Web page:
Projects & Infrastructure
Great big ship gets Great Big Lift
By Matt Jones
By Matt Jones
On September 15, 1773, a ship called Hector arrived in Nova Scotia in the Pictou harbour. While there were already Scottish settlers in the area, most had arrived via the United States, making the 189 Scottish Highlanders who travelled on the cargo vessel the first Scottish immigrants to travel directly to Nova Scotia. The original Hector returned to Scotland shortly afterwards, but a replica of the ship was finished in 2000.
Twenty years later, the replica is in need of restoration and the Ship Hector Society will take the opportunity to make enhancements as well, including adding motors to allow the Hector to be more than an attraction on the dock.
“[The replica Hector] was never a sailing vessel,” says Darlene MacDonald, a member of the Ship Hector Society board of directors. “There used to be a Hector festival and a couple of times we towed it into the harbour and did a re-enactment of the landing. But it never sailed. With our restoration, we want to do harbour tours with it.”
In order to perform the restorations, the ship needed to be raised out of the water and placed on solid ground in what the Ship Hector Society dubbed “The Great Big Lift.” A.W. Leil Cranes and Equipment were tasked with the job. Operations manager Robert Fraser says that the company primarily utilized a Terex/ Demag CC 2400 with superlift for the operation because of the limited space on the land by the quay.
“If we tried to approach it with two cranes or tandem lifts, you didn’t have room to really work,” says Fraser. “The geometry was pretty close between the center of the ship and the center of the crane and the center of the superlift tray but we managed to get it all in there with a few inches here or there and got it where they wanted it.”
A T-250 Tadano was also utilized to put the large Terex together and another small crane that helped with loading and unloading the weight tray during the lift. Fraser says that the actual weight of the ship was something of an unknown, and they estimated it at 220 metric tons. Once they actually lifted the ship up they were able to take 40 tons off the tray.
“When you’re lifting with superlift, you’re forced to lift at 80 to 90 per cent capacity of your lift because if your tray is too heavy, you’re not going to pick it up off the ground,” says Fraser. “If you can’t pick it up off the ground, you can’t swing or crawl. Once we got it up closer to us, the tray was too heavy to pick up and crawl backwards. With any crane, you have to get that balance figured out.”
The initial plan had been to maneuver the ship to one side of the dock, to moor it off with anchors and boats and rig it in that position. That seemed extremely time-consuming however, so instead, they slinged it ahead of time at the dock where it was normally located.
“When we hooked on to it, we were only good for 15-20 tons out there because we had the boom down flat and no superlift tray,” says Fraser. “But that allowed us to rig the boat while it was still stable and tied off to the wharf, giving us an area to work off. Then we crawled back just enough to keep the slings tight and got into a lifting position where they loaded the tray up.”
The rigging for the lift was custom-made by Versalift out of Texas to the exact specifications needed.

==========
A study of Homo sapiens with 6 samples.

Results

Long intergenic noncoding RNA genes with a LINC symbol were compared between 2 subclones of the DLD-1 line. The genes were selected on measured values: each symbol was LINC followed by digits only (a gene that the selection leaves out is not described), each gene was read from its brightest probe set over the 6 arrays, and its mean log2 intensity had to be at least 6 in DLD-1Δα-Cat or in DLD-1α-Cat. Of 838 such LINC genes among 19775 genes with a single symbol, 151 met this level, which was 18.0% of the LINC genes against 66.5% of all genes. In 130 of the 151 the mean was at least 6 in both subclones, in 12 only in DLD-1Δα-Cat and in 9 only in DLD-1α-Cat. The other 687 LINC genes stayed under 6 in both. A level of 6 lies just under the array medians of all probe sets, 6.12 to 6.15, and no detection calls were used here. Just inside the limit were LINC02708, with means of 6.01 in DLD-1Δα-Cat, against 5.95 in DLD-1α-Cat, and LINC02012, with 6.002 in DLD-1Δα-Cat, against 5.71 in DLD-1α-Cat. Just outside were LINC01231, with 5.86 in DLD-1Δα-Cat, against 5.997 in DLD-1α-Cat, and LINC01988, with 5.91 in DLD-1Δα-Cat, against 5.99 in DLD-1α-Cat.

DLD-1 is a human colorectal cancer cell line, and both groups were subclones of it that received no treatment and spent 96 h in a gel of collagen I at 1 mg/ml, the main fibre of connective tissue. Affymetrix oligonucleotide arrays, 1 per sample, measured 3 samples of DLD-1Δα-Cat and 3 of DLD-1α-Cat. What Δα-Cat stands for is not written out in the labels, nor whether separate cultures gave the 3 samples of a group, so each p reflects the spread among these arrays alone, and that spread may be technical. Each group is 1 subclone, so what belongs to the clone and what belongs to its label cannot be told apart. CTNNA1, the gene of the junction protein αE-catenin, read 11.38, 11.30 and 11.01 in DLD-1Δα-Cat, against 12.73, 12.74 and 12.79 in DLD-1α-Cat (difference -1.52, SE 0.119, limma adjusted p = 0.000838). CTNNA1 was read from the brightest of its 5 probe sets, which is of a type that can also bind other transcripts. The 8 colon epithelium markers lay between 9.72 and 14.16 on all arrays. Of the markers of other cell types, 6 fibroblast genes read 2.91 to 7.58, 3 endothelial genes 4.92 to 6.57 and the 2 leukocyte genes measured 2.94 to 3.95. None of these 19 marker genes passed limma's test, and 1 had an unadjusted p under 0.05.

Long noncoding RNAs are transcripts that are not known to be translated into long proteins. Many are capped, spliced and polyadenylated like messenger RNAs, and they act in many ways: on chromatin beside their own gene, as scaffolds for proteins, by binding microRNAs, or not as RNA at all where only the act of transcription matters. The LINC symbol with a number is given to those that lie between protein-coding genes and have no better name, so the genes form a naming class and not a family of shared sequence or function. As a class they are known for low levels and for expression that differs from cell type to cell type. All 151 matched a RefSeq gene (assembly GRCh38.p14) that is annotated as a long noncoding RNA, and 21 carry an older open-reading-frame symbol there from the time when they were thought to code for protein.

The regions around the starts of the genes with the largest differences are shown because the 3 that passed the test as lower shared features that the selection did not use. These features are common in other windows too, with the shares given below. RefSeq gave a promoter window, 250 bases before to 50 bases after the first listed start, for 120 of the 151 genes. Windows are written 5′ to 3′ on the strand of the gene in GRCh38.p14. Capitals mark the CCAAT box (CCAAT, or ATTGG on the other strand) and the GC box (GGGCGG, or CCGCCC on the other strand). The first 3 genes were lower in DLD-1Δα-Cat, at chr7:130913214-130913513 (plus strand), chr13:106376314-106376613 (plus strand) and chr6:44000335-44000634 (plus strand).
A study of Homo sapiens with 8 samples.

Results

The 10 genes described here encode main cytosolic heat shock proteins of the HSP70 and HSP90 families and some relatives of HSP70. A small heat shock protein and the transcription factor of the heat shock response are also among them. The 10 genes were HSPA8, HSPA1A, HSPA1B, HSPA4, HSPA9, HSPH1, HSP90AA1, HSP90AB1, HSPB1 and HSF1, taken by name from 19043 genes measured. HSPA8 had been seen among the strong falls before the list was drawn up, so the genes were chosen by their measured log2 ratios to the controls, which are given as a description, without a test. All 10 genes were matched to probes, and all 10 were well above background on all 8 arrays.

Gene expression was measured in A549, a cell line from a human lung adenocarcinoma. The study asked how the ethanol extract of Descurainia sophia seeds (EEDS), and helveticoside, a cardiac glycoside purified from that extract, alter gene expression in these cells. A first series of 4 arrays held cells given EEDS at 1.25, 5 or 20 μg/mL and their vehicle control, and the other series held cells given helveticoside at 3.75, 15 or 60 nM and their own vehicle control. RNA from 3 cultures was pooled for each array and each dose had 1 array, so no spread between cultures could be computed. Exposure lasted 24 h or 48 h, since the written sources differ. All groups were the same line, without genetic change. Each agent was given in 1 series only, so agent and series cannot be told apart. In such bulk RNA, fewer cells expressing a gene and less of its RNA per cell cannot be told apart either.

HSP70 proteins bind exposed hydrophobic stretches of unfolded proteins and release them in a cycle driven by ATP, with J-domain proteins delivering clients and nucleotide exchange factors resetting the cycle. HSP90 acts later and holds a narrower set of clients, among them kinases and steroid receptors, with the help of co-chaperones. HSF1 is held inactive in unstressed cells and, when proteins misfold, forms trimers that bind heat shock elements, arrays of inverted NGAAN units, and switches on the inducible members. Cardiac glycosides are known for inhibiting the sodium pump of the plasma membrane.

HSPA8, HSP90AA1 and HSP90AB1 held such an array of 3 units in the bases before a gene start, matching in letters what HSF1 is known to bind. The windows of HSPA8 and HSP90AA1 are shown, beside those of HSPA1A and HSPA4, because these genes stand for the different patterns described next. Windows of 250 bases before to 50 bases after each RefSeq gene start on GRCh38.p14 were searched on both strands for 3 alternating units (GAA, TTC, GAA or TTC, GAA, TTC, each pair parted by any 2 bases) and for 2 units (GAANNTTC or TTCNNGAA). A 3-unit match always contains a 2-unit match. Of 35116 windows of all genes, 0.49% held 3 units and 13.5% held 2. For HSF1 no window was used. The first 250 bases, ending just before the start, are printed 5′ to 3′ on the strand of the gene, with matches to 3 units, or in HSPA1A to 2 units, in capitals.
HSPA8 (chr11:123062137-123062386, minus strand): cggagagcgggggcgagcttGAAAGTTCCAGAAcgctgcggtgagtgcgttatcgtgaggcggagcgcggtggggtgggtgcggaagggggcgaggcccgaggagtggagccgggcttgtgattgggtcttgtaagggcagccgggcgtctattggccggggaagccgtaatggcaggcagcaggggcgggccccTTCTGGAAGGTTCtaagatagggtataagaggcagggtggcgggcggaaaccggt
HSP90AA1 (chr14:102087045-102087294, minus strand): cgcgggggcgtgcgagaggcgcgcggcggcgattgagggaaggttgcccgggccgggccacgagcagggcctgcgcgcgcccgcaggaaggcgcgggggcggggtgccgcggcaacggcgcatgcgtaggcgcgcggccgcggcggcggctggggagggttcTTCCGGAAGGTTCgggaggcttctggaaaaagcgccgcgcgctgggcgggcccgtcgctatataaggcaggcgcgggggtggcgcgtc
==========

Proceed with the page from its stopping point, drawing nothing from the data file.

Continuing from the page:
“The ship was coming out to be repaired and was deteriorated somewhat,” says Fraser. “So instead of putting a single strap at four locations, we put two straps in each of the four locations to give us eight straps to add a little bit of extra safety and make sure the boat was going to stay together and not move or flex. We’ve used Versalift different times in the past and they stepped up to the plate and got us the gear for that.”
While the Great Big Lift took several months of planning beforehand, the job itself went off extremely smoothly – they got started around eight in the morning and were finished before noon. But that doesn’t mean it wasn’t challenging. The clearances for the operation were extremely tight, and that’s where the long preparation paid off.
“When we finally got the ship where it’s now sitting, the superlift tray was like six inches from one of the outbuildings and sheds behind the crane,” says Fraser.“When you set the ship down, the tray has to set down at the same time. They could have torn the building down or done some other things, but with the drawing and math and all the measurements we did, it fit in there just like a shoehorn. Between the engineering and all the people involved it was bang-on. You don’t tap yourself on the back too often, but that job really went off flawlessly.”
Fraser says that while A.W. Leil have lifted bigger, taller, and heavier lifts, the Hector stands out.
“You’re making these big lifts and nobody can see them, you’re at refineries or pulp mills or wind turbine sites and the public can’t get much of an eye on it,” says Fraser. “This was just public, public, public right from day one. Everybody’s talking about it. It was one of those projects that was really drawn into the public eye.”
The original plan for the Great Big Lift operation was to have it as an event that the local community could come out and enjoy. However, the COVID-19 pandemic had other plans, making large public gatherings undesirable to say the least. So, the Ship Hector Society instead decided to stream the lift over the internet. Ironically, this may have resulted in the lift being seen by far more people.
“According to the last update that I looked at just a few days ago, over 51,000 people have now watched the full length,” says MacDonald. “I think the day of, we topped out at like 39,000. And these were people from all over the world, we had over 1200 comments from people as far away as Tasmania, in Australia, all across Canada, all over Europe and through the U.S. watching it live.”